Looking at photos of my overbearing father in university and the Korean army, he seemed a lot like, well, me! Awkward, solitary, bewildered, out of place, not strong: the very traits he despises me for and takes advantage of. He had none of the things a young man would want, with no prospect of ever gaining them. Nor did he have any sort of idealism, altruism, or spirituality. Despite his inadequacy for material success, he is coarse and shallow and thinks a real man’s purpose is to be someone in the world and gain money and power. Also, that it’s OK to step on people to do so if they can’t hurt him back.

In photos with other people, he looks disconnected and out of sync, looking like he has nothing in common with them. Despite the devastation, poverty, and backwardness of 1950s to 70s Korea, the others look carefree, vibrant, and unapologetically, unashamedly themselves. They fit into the time and place, or were of that time and place. Not my father. Like an unsmiling, pre-mohawk, Korean Travis Bickle, he was a misfit, an odd duck. I can’t see him having any meaningful connection or interaction with his classmates, military members, coworkers, or neighbors, and I never met any friends from his past.

This man seemed to have gained confidence, whether justified or not, from his 2 year military stint. Decades later, his self-regard rose further from moderate career success starting in his 50s, when I was already in my 20s. He was a “company man” and proud to be one, devotedly toiling for senseless, monolithic institutions that kept him in the rank and file. With age he increasingly resembled a “man of substance” and “pillar of the community”. He probably really thought he was such because he worked to his [limited] ability and didn’t drink, smoke, gamble, or womanize.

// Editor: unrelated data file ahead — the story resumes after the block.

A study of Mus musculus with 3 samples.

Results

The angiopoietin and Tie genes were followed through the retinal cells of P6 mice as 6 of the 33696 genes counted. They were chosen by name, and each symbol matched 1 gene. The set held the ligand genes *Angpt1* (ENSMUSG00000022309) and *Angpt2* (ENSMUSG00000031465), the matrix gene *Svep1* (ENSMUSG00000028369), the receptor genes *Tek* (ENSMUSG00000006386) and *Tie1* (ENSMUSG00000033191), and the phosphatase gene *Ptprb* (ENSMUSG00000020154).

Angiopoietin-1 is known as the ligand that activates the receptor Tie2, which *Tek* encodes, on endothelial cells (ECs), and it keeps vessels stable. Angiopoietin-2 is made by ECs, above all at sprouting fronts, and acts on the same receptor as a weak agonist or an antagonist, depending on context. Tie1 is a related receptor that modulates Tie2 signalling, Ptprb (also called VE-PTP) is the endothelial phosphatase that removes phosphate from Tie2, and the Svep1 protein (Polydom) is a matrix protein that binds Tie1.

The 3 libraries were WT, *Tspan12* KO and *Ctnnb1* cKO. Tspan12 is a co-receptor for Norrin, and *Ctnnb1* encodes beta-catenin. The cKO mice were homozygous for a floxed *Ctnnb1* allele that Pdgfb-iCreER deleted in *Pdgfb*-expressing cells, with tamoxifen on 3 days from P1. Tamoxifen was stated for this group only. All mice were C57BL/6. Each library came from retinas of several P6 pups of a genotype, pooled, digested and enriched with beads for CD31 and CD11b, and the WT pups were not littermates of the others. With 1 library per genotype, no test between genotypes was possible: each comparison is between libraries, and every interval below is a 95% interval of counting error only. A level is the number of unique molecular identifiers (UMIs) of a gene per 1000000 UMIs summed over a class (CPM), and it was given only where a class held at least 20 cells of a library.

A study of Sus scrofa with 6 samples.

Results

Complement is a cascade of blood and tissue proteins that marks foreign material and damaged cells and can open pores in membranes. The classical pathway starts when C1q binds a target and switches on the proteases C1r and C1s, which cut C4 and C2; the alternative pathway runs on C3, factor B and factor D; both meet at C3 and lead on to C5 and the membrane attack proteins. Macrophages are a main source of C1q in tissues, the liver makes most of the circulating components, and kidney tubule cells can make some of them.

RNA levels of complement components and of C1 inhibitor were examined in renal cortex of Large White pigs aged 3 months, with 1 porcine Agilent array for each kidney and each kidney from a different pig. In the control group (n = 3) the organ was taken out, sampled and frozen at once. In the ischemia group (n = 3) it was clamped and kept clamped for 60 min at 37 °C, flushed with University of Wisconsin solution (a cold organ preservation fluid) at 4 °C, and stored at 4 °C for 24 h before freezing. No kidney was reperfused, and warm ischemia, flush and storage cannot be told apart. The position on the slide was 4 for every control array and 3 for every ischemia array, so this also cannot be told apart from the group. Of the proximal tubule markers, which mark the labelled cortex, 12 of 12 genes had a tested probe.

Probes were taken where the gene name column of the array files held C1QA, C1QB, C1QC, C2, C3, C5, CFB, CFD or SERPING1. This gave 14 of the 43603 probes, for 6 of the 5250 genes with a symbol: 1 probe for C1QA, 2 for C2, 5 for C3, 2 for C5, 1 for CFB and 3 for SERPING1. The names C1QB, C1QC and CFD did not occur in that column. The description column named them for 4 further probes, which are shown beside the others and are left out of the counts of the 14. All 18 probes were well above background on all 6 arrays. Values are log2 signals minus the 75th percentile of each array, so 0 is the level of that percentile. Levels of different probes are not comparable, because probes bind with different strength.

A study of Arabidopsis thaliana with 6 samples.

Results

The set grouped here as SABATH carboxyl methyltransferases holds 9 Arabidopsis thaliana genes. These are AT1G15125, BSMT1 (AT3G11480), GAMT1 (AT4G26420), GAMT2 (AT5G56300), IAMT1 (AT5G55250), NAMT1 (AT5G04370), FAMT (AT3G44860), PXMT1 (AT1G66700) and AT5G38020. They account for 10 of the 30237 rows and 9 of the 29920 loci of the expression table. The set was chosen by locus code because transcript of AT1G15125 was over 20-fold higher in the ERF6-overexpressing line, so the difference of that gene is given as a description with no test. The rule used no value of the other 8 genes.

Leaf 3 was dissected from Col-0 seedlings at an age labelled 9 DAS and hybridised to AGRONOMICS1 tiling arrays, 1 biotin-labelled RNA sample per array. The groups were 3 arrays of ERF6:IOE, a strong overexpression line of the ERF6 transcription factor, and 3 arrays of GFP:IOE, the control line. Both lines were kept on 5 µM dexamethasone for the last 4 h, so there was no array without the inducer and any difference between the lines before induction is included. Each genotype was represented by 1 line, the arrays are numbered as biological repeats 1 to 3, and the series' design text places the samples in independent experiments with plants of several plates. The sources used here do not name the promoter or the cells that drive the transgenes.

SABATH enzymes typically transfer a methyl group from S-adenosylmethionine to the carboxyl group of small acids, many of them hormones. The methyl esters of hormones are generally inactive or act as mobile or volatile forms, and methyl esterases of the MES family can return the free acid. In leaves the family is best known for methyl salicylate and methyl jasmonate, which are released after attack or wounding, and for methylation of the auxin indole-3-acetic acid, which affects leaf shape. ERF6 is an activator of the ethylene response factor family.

But he always had that stark inhumanity, social blindness, low-mindedness, sadism, and being out of sync. In the past decade or so, people seem to dismiss it as part of being elderly, although other Korean elders aren’t like him despite having gone through similar poverty. On the other side of the coin was an odd naivete and simplistic nature, which weren’t really saving graces.

He’s in his 80s and nearing the end of his life. He didn’t understand himself, others, or the world. With little sense of his own, this man lived his life according to lies promulgated by not-benevolent authorities, and he even made sure to instill those lies into his offspring.

Korean male in Edmonton, Canada. Immigrated here in 1976 as a 2 year old.